The Morgans, a loving and strong family of Black sharecroppers in Louisiana in 1933, face a serious family crisis when the husband and father, Nathan Lee Morgan, is convicted of a petty crime and sent to a prison camp. After some weeks or months, the wife and mother, Rebecca Morgan, sends the oldest son, who is about 11 years old, to visit his father at the camp. The journey becomes something of an odyssey for the boy. During the journey, he stays a little while with a dedicated Black schoolteacher.Written by
Ed Cannon <email@example.com>
After Earl and Josie go to bed, after the reunion dinner, the position of Nathan's hand and cup changes. See more »
[reading to David Lee from W.E.B. Du Bois' "Of the Training of Black Men"]
"The longing of black men must have respect."
[pauses to explain to David Lee]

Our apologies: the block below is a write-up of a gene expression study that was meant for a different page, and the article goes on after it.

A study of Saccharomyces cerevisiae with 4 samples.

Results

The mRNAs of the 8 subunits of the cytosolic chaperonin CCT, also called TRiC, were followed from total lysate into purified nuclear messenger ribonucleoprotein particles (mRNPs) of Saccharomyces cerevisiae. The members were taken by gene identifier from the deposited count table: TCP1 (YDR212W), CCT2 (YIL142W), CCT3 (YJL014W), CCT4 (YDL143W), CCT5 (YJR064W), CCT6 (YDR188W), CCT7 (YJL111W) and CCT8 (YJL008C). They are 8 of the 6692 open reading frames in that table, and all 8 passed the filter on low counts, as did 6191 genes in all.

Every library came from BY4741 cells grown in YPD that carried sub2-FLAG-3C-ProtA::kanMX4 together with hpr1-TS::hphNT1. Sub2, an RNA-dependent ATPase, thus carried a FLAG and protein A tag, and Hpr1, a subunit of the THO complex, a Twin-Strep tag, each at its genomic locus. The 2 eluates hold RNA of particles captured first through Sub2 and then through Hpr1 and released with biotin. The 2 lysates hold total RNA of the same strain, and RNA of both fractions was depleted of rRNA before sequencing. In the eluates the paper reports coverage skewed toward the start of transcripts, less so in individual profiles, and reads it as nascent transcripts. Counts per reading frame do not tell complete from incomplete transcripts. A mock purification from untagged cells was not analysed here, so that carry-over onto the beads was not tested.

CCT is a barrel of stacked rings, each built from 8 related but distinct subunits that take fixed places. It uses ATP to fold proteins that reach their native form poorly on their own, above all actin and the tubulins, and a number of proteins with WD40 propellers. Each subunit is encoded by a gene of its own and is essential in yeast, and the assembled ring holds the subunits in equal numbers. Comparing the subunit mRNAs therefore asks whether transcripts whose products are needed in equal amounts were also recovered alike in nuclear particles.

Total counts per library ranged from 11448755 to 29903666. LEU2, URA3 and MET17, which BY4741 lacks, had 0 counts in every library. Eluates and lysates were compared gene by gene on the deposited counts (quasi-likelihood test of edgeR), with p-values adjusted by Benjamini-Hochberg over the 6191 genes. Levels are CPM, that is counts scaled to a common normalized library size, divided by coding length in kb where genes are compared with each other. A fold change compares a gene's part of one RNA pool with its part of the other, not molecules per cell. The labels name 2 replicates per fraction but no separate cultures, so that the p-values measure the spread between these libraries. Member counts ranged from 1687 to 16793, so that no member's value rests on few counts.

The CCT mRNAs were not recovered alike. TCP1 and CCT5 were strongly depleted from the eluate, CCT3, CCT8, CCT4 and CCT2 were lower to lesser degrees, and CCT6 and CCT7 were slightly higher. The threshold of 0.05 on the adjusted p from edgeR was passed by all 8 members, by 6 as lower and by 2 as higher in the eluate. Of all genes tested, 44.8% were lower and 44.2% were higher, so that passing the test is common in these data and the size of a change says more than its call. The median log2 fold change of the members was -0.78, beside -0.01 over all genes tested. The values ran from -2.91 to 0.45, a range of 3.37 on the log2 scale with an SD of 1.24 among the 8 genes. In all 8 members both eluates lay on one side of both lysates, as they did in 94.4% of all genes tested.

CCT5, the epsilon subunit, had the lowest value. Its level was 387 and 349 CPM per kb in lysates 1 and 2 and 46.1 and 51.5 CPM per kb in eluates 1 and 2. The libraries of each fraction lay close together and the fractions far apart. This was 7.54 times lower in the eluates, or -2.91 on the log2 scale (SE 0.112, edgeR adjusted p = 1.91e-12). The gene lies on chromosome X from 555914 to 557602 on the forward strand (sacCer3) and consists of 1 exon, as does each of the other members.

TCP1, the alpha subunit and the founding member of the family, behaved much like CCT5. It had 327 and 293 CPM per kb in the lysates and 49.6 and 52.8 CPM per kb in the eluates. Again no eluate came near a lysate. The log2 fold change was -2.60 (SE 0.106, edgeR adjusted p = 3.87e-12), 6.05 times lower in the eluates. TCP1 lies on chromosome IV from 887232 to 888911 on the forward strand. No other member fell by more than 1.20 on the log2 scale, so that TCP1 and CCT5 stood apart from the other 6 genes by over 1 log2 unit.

Which means a man and a woman are human and must be treated that way.
"The rich and bitter depth of their experience, the unknown treasures of their inner life, the strange rendings of nature they have seen, may give the world new points of view and make their loving, living, and doing precious to all human hearts. And to ...
1933 Depression-era Louisiana is seen through the eyes of an adolescent African-American boy (Kevin Hooks) in this methodical and smartly realized cinematic drama. Poverty and near starvation almost become tragedy when Hooks' father (Oscar nominee Paul Winfield) is arrested for stealing a hog and butchering it. Immediately he is sentenced to one year in jail (probably dodging much worse punishment) and it is up to wife Cicely Tyson (in her Oscar-nominated role) and her three young children to make the money needed to survive as Winfield is shipped from prison to prison. And through it all Hooks dreams of a better life via an education. The film's title refers to the family dog/game hunter who gets injured early on and yet finds a way to persevere much like his family (this is a great element of symbolism found within the movie). A brilliant screenplay by Lonne Elder III (who received an Oscar nomination as well) and intelligent direction by the always good Martin Ritt make "Sounder" one of the lesser-known gems of the 1970s. 4 stars out of 5.